Nurses had a rough year. That doesn't mean they're fleeing the job.
Luke Jones
Nurses had a rough year. That doesn't mean they're fleeing the job.

The COVID-19 pandemic sparked a lot of speculation about whether nursing could survive. South Carolina Public Radio takes a four-part look at the situation, starting with a conversation with two intensive care nurses about how they see the job they still love.

Peyton Korhorn and Amanda Henneage are both new to the ICU. Korhorn because it's her first nursing job and Henneage because she transferred to it.

Both started their new gigs in the spring of 2020 — exactly when the pandemic swept through South Carolina and threw everything into chaos. The worst of the surge in sick patients was a legitimate horror show for emergency medical workers. Patients were terrified, supplies were dwindling, and nurses watched person after person (after person after person) die in loneliness and isolation.

But while some in the field left the job, the worst of the pandemic did little to break the resilience of the likes of Korhorn and Henneage. Both have found a renewed sense of purpose and an even deeper love for what they do.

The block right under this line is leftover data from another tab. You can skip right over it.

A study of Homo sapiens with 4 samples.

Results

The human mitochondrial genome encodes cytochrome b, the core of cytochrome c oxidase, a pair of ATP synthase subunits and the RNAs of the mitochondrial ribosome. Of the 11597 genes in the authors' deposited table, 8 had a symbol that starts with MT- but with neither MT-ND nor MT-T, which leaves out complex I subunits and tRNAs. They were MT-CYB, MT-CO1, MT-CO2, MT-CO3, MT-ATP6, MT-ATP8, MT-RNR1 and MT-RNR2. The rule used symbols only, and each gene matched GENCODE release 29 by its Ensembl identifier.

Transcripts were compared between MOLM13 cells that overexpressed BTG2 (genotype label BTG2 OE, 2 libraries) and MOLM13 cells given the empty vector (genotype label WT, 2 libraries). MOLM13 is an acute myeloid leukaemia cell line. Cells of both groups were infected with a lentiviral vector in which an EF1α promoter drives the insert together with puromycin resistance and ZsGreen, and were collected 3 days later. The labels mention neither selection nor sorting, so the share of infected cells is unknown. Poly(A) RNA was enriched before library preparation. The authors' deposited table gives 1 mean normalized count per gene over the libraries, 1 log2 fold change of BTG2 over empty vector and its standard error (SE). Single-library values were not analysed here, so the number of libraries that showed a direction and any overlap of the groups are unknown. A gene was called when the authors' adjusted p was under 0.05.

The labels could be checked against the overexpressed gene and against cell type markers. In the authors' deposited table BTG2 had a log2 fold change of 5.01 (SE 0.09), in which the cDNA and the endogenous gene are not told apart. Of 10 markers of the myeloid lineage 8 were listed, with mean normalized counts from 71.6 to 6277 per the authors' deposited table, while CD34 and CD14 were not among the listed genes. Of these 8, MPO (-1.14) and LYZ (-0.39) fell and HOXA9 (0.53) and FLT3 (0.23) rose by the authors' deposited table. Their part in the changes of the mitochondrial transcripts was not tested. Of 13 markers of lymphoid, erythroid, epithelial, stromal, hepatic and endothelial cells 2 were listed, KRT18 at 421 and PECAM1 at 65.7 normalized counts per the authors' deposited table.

That doesn't mean all is rosy. Listen above to hear how these two young nurses see their work and why they think self-care is as vital as any supply for anyone in or entering their profession.

This story is part of a series exploring the effects of the COVID-19 pandemic on nursing and health care in South Carolina. In Part 2, hear more from Korhorn and Henneage about the practical things nurses need to do their jobs well, and from a hospital administrator who sees the promise brought out by the pandemic's chaos.

Scott Morgan is the Upstate multimedia reporter for South Carolina Public Radio, based in Rock Hill. He cut his teeth as a newspaper reporter and editor in New Jersey before finding a home in public radio in Texas. Scott joined South Carolina Public Radio in March of 2019. His work has appeared in numerous national and regional publications as well as on NPR and MSNBC. He's won numerous state, regional, and national awards for his work including a national Edward R. Murrow.